I've always been fascinated by old fashioned vinegar pies. The thought of mixing vinegar with sugar for a dessert is interesting. There are two basic types - one that resembles a lemon meringue pie and another that resembles a sugar pie, or some kind of plain version of a pecan pie. The first style generally calls for cooking the filling over a stove top just like a lemon pie. As there are many different versions of vinegar pie, the vinegar that is used varies as well with cider vinegar and white vinegar the most commonly used vinegars.
Most vinegar pies are showcased in depression-era cookbooks. Since vinegar is a common household cleaner and pantry ingredient, most kitchens have it. These desserts can be whipped up in the dead of winter when all regular ingredients are out of stock, or at any time of the year since the basic ingredients are inside the pantry.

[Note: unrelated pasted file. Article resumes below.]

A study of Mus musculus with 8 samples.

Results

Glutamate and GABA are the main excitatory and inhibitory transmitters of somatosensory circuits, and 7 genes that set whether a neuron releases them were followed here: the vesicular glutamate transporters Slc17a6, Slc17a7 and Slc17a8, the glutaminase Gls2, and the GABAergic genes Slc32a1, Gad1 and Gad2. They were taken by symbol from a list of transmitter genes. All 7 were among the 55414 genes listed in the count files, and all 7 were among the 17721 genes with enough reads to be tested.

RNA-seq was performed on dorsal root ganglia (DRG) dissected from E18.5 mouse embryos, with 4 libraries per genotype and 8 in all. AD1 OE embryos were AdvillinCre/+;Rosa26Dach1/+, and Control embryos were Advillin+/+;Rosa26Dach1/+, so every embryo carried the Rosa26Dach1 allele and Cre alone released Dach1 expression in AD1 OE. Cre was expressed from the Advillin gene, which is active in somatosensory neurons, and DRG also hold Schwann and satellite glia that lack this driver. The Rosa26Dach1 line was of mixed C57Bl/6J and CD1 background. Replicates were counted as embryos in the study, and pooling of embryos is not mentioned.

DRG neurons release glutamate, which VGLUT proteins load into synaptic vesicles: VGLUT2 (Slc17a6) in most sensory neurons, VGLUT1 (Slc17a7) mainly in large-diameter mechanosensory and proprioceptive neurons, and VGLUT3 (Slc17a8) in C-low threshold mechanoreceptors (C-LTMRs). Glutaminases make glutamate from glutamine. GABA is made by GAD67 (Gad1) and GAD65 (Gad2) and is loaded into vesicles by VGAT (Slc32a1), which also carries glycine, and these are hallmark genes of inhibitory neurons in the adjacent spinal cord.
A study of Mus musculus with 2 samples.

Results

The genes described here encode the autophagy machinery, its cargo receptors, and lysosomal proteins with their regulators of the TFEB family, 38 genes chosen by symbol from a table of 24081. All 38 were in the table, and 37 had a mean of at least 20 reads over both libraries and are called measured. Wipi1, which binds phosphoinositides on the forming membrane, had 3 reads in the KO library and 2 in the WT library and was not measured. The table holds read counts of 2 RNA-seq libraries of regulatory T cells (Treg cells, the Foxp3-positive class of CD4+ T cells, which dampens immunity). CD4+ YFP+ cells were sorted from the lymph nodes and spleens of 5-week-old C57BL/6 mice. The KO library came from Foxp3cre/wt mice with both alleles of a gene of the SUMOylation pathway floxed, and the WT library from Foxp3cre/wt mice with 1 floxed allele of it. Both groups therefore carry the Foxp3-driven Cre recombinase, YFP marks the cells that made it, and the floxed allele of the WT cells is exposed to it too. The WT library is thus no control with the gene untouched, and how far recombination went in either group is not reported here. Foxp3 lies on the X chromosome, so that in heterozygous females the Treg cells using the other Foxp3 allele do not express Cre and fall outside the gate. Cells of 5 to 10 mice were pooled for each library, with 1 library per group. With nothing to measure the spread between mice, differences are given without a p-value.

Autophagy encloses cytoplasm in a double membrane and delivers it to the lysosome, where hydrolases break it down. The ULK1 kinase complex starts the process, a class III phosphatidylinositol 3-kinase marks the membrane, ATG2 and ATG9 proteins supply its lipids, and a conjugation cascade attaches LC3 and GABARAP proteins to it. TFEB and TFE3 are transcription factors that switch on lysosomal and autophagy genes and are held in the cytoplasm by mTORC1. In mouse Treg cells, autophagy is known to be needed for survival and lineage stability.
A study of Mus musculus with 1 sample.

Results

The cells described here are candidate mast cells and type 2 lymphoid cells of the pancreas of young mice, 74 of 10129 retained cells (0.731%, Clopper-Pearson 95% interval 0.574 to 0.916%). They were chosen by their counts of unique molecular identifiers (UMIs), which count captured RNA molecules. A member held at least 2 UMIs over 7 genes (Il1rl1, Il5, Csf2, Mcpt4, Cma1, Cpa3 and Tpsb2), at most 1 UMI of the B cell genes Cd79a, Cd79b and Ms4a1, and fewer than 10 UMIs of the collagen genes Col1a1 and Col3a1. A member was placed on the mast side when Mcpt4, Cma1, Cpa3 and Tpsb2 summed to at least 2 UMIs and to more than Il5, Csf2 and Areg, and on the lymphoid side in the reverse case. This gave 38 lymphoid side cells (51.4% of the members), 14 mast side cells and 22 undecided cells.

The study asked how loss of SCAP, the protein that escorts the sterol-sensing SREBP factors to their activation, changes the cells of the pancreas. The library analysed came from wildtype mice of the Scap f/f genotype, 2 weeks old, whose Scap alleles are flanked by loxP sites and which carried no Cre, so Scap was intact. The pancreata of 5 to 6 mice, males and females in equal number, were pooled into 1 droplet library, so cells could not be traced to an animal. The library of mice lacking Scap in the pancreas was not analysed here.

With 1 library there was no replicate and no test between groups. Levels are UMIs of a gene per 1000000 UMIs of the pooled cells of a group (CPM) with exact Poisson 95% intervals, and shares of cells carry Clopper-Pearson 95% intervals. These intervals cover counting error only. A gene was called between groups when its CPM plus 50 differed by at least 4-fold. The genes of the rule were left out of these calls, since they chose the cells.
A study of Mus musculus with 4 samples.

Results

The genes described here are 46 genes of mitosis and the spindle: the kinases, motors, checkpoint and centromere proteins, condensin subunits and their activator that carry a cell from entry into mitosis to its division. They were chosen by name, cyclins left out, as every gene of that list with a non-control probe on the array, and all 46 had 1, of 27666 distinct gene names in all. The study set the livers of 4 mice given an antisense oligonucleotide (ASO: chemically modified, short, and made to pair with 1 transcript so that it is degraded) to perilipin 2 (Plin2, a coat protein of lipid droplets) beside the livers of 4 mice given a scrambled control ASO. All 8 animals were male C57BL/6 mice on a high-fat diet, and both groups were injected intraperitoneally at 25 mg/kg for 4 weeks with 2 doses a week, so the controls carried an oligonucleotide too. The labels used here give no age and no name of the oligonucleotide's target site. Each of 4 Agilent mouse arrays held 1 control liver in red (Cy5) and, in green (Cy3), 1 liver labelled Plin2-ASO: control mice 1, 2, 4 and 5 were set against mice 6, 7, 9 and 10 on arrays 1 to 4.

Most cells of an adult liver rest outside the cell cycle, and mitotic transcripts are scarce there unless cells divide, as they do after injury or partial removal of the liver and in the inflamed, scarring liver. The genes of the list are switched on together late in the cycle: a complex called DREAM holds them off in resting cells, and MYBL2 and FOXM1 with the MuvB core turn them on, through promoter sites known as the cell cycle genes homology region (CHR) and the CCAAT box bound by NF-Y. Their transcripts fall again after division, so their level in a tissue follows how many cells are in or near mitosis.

My favorite style is the most simple: just stir the filling and pour into blind-baked crust. I make my recipe in a deep tart pan, making it thinner than a pie but with more surface area. Despite the vinegar, there is no strong vinegar aftertaste and using it actually cuts down on the sweetness of the filling. I like to serve it at room temperature or chilled with lightly sweetened whipped cream. Use your favorite crust for this recipe.
- Pie dough or shortcrust for deep 8 to 9 inch tart pan
- 2 eggs
- 3/4 cup packed brown sugar
- 1/4 cup sugar
- 1/4 cup melted butter
- 2 tablespoons plain white vinegar
Whisk the eggs, brown sugar, sugar, melted butter and vinegar together in a mixing bowl until smooth. Pour into the prepared crust.
Bake for about 45 to 55 minutes, or until the center tests done and the tart is browned.
Serve at room temperature or chilled.